One of the reasons meetings become such wastes of time and money is that leaders, managers, and meeting facilitators repeatedly fail to frame the context. Another is that leaders and managers dominate the conversation and fail to assume a sincere listening posture.
Please let these reasons sink in before reading further.
Leaders hold responsibility for establishing the vision, setting direction and communicating to both the organization and its marketplace. Managers hold responsibility for implementing direction, monitoring progress and communicating across the organization.
Framing the context looks something like this:
* Here is where we are going
* Here is where we are in relationship to where we were
* Here is what we are working on now
* Here is what comes next
The mental discipline to follow this outline, repeatedly, creates alignment for the work about to take place. It forces a consistent stream of communication with a forward look and reinforces the leader/manager role. Most of all they can begin listening. It is a bad habit to assume that team members carry the context around if company leaders and managers are not doing so.
After framing the context, which sets boundaries for the conversation, leaders, managers, and facilitators need to absorb what can be learned from everyone in the room, helping to make it safe for team members to participate and their counsel to be valued. Active, silent listening is truly golden. The next times to speak are to invite others to speak who have not yet brought input, to ask clarifying questions, and to thank people for their contribution—all before offering any direct response or feedback.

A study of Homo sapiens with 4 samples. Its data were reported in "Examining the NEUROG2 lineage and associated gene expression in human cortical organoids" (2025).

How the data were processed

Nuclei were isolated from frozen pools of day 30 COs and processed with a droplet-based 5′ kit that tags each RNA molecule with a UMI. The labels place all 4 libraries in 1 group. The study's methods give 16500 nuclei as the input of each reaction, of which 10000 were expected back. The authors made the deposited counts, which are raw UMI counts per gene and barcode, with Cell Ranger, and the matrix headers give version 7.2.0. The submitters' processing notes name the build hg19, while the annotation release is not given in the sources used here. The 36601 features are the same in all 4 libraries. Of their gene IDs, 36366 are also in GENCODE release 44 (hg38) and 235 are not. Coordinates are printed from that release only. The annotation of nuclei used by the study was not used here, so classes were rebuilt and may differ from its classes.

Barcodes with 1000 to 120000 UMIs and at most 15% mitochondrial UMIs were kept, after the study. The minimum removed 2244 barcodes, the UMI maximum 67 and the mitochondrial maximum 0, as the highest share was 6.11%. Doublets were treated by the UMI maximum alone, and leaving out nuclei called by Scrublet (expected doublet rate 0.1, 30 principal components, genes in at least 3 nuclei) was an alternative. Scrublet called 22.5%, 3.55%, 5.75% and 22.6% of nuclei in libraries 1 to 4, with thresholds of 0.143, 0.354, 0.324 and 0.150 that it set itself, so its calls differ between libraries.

Hard and good work.
If you wish to dig more deeply into building these skills, you might consider the book Wiser: Getting Beyond Groupthink to make groups smarter, by Sunstein and Hastie.
You might also want to train or coach yourself and others on facilitating meetings so that they add value rather than drain time and money. This is often best learned by conducting real business during the training. I recently began providing this training to CEO peer-advising groups across the country as another venue for this training.
If context framing and active listening is something you have no intention of doing, then you can gain more integrity by acknowledging that you prefer to run your organization as a dictatorship. You can hold all employee assemblies to tell everyone to jump so they can cheer the response question in unison “how high?”
Yuk, right? And yet, the dictator approach will be more effective and have less dissonance and resource drain than the context deficient, everyone talking over the top of each other (or not offering what they know) types of meetings that plague our organizations and make our mission statements laughable.